In the tradition of The Girl on the Train, The Silent Wife, and Gone Girl comes an enthralling psychological thriller that spins one woman's seemingly good fortune, and another woman's mysterious fate, through a kaleidoscope of duplicity, death, and deception.
Please make a list of every possession you consider essential to your life.
The request seems odd, even intrusive—and for the two women who answer, the consequences are devastating.
Reeling from a traumatic break-in, Emma wants a new place to live. But none of the apartments she sees are affordable or feel safe. Until One Folgate Street. The house is an architectural masterpiece: a minimalist design of pale stone, plate glass, and soaring ceilings. But there are rules. The enigmatic architect who designed the house retains full control: no books, no throw pillows, no photos or clutter or personal effects of any kind. The space is intended to transform its occupant—and it does.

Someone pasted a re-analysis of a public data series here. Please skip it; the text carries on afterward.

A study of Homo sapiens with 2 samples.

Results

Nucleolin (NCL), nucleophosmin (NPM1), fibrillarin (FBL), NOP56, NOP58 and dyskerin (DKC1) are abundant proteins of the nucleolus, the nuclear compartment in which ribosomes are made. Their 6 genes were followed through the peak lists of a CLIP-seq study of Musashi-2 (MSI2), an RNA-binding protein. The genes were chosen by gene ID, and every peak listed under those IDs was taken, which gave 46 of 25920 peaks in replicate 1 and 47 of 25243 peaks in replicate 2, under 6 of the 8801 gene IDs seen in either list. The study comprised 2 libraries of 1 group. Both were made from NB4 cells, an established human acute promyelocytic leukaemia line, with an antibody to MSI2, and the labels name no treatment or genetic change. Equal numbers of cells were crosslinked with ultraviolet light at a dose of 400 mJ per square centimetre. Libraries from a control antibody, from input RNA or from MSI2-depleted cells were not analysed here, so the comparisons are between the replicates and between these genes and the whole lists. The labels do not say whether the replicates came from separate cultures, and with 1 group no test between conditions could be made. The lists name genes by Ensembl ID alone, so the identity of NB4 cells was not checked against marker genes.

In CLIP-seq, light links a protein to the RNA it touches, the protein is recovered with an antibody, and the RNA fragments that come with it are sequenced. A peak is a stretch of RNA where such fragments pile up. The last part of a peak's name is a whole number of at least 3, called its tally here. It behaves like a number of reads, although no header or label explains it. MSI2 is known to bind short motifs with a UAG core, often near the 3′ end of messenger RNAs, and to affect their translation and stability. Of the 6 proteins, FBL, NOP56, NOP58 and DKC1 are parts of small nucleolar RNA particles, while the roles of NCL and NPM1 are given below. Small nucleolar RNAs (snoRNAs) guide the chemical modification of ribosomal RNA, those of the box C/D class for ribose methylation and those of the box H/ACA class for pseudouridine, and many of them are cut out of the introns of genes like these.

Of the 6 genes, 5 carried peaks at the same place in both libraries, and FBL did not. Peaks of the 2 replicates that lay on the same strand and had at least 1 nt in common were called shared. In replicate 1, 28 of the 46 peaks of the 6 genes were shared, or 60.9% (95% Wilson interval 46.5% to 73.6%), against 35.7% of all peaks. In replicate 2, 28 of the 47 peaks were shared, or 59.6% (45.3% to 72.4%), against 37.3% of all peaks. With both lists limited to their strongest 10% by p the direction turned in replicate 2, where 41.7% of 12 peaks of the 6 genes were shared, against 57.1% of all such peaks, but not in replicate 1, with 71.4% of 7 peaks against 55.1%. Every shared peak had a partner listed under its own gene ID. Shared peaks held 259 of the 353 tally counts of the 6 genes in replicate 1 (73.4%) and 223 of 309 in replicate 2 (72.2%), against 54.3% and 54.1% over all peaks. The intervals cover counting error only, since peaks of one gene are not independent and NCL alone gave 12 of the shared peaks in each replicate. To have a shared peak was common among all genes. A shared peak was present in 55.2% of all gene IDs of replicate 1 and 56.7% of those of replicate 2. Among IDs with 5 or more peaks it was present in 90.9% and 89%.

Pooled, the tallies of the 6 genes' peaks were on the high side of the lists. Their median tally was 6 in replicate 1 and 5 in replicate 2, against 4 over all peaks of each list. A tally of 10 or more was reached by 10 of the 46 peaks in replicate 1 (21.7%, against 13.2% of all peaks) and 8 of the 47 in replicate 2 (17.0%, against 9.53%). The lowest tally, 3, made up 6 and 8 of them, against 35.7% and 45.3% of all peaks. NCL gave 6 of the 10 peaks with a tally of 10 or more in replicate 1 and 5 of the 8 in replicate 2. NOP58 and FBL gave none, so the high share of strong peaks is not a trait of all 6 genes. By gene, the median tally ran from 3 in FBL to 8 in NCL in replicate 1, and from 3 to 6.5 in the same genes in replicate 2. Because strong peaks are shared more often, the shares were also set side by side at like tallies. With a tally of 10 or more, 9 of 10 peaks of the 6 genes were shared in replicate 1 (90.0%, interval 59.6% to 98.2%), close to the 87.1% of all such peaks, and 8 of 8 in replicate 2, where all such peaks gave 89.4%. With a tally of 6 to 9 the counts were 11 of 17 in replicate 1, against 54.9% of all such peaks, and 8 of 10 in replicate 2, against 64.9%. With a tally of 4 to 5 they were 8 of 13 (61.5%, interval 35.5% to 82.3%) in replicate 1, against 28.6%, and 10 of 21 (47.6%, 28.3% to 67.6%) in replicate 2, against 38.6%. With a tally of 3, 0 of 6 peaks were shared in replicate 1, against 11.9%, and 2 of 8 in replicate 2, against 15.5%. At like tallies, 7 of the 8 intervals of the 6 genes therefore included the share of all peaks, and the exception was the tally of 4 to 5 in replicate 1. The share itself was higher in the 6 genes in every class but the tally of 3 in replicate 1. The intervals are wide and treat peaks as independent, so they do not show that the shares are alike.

After a personal tragedy, Jane needs a fresh start. When she finds One Folgate Street she is instantly drawn to the space—and to its aloof but seductive creator. Moving in, Jane soon learns about the untimely death of the home's previous tenant, a woman similar to Jane in age and appearance. As Jane tries to untangle truth from lies, she unwittingly follows the same patterns, makes the same choices, crosses paths with the same people, and experiences the same terror, as the girl before.
The Girl Before is a mind-blowing psychological thriller of the strangest and eeriest proportions. A thriller where architecture, asceticism, minimalism (that puts Marie Kondo to shame), murder, and twisted romance vie for attention. A narrative that is shared by two residents of Edward Monkford’s controversial architectural masterpiece; one past resident and one present… one dead resident and one living… two intertwined and sometimes unreliable narratives that ramp up the suspense.
As a psychological thriller, I love The Girl Before. I dropped my rating from 4 stars to 3 due to the fact that the romance between the two women (at different times) and Edward Monkford is so twisted and dark. It is the “modern” thing to do but as a Christian, I was turned off by it. I finished the story because I really wanted to know the ending as I was pulled whole-heartedly into the mystery.
I recommend that The Girl Before only be read by adults. Those of you adults who love a good psychological thriller and are willing to deal with the bizarre sex will likely love it.